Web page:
VP Harris For Vogue: Magazines with Big Names and Inadequate Representation Just Can’t Get It Right.

Image Courtesy of Tyler Mitchell

hockingly enough, despite the confounding and unprecedented political unrest this country continues to face, fashion still found a way to be a part of the conversation.

Donald Trump single handedly destroyed the American political system on January 6 as growing tension over his divisive and dangerous rhetoric finally boiled over in a showdown that put the heart of American politics and top leaders of both parties in grave danger.

As expected, news channels across the country have provided 24-hour coverage on everything from impeachment and the future of the Republican Party to the possibility of VP Pence activating the 25th Amendment. But social media, political activists and Black culture had other problems to resolve following the leaking of the Kamala Harris cover shoot with Vogue.

A leaked image from Vogue’s February issue shows Vice-President-elect Kamala Harris posing in a “washed-out” photo that has since stirred up controversy. The image, shot by esteemed photographer Tyler Mitchell, captures Harris wearing a Black suit jacket by Donald Deal, Black pants and casual Converse sneakers. True to her Alpha Kappa Alpha sorority, Harris posed in front of a pink and green back drop wearing a staple pearl necklace.

Tyler Mitchell was previously praised for his breathtaking imagination which captured an iconic image of Beyoncé Knowles for the September issue of Vogue. Full of color, contrasting tones and textures, the images are indisputably captivating.

Images Courtesy of Tyler Mitchell

Offended supporters of VP Harris took to Twitter to express their disappointment; some described it as unsophisticated, garbage, and disappointing. Anna Wintour responded to critics expressing “I just want to reiterate that it was absolutely not our intention to in any way, diminish the importance of the vice president-elect’s incredible victory.”

As it seems, Anna Wintour and Kamala Harris’s team were not on the same page. Harris's’ team told the Associated Press that the leaked photo was not agreed upon as the cover shot, confirming that her team was informed of the image switch along with everyone else Saturday evening.

Despite Ana Wintour’s reassurance that none of this was intentional, outrage is to be expected considering what global vogue photographers are able to do with the same, if not less, resources.

Previous Vogue Africa Cover Shots

Vogue Africa continues to demonstrate its ability to bring to life pigmentation, unlike the photo of Kamala Harris — which clearly does not compliment her complexion. While photographer Mitchell appears to have what it takes, there needed to be more consideration of how her dark suit paired with a light background may overstate the outfit and back drop, and therefore understate her skin tone. Unfortunately, there is a habit of photographers and magazines not taking care with Black subjects.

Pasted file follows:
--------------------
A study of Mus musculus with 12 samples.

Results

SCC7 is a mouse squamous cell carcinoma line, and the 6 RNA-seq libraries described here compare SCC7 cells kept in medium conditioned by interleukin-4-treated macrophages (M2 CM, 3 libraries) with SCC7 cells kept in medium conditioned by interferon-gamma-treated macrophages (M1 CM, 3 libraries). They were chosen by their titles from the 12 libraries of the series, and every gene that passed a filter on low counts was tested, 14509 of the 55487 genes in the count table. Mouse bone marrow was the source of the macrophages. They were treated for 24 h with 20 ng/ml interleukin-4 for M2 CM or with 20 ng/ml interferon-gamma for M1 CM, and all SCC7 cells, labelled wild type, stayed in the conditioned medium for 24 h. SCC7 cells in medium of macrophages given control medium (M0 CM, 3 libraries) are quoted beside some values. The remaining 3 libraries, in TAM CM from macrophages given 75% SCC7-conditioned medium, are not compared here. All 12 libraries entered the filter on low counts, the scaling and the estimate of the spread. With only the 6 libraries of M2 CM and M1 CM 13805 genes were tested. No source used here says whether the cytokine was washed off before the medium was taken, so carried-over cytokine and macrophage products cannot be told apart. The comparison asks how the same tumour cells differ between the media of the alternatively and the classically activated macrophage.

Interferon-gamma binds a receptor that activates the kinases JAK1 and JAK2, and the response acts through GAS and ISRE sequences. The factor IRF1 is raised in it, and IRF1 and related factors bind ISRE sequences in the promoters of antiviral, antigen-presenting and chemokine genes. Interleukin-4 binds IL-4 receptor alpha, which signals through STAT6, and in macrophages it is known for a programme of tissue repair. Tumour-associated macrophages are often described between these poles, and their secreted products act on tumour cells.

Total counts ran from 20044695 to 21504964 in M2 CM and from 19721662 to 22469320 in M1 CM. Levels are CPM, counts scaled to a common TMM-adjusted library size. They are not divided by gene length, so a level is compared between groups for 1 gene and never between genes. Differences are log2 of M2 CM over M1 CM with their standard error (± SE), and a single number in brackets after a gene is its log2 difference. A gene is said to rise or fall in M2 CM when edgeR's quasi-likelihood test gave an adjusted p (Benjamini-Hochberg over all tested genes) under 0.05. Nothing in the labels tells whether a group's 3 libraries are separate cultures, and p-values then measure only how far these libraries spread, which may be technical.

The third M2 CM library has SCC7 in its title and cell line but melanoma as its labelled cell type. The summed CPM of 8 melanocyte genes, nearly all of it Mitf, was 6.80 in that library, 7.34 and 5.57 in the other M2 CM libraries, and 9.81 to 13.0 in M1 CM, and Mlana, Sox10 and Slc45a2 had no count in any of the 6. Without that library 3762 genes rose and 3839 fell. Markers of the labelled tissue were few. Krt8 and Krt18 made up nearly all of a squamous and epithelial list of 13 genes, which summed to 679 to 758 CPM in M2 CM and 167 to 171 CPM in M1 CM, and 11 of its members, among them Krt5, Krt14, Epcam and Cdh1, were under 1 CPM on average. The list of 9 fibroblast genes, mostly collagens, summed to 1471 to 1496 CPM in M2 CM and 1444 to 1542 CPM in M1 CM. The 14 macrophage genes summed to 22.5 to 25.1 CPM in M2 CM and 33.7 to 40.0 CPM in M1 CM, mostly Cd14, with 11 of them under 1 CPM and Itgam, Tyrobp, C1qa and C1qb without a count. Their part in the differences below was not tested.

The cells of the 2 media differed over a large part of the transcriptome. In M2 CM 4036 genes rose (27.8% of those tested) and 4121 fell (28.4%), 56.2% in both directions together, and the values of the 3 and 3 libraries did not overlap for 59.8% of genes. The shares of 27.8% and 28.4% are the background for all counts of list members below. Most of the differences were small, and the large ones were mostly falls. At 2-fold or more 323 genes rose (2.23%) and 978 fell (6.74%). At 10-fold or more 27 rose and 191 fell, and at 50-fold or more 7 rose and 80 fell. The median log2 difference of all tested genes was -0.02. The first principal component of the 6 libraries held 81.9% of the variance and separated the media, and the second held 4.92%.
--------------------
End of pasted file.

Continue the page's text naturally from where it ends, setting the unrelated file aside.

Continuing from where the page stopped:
The bigger issue, however, is the casual nature of the shot. Previously, Kamala Harris appeared in TIME Magazine and ELLE — in both magazines she appeared Regal and Professional. Obviously, as the Vice President of The United States should.

Of course, considering the surge in young voters and the shift in societal culture from overtly professional to self-expressive can justify a shot that is casual. VP Harris and her team noted that this photo was intended to be used as an image inside of the magazine, however, Vogue decided otherwise.

While anyone familiar with magazines knows that photographers tend to take a less professional approach once readers have passed the cover shot, there is still no justification for shooting a Vice President-elect in sneakers…and Converse at that. Though society has progressed, the prestige of the Office remains constant.

Adding more fuel to the fire, on January 20, Kamala Harris will become the first Black female Vice President of the United States. This image and the audacity of a photographer, in any capacity, to even support an official image of her wearing sneakers further perpetuates a narrative that even at their highest status, Black woman must still appear delicate and soft in the face of power.

The outrage inspired by this image shows a minor shift in cultural standards. We ought to be inspired that people — of different races and ethnicities — saw the disrespectful undertone of presenting the VP in that kind of light.

As we move forward towards Inauguration and more Color in the White House, both Mitchell and all his photographer colleagues should be weary of the longstanding stereotypes against Black woman and the historical context of the Office of The Vice President of The United States.

We have progressed as a country and more boundaries can be broken because of that, but every time someone artistically conceptualizes the Office Senator Harris will soon hold, we should ask our self:

Would anyone ask President-elect Joe Biden to pose for an official photo in Converse Sneakers?

Health, wellness, and spirituality enthusiast driven to make change through writing and advocating.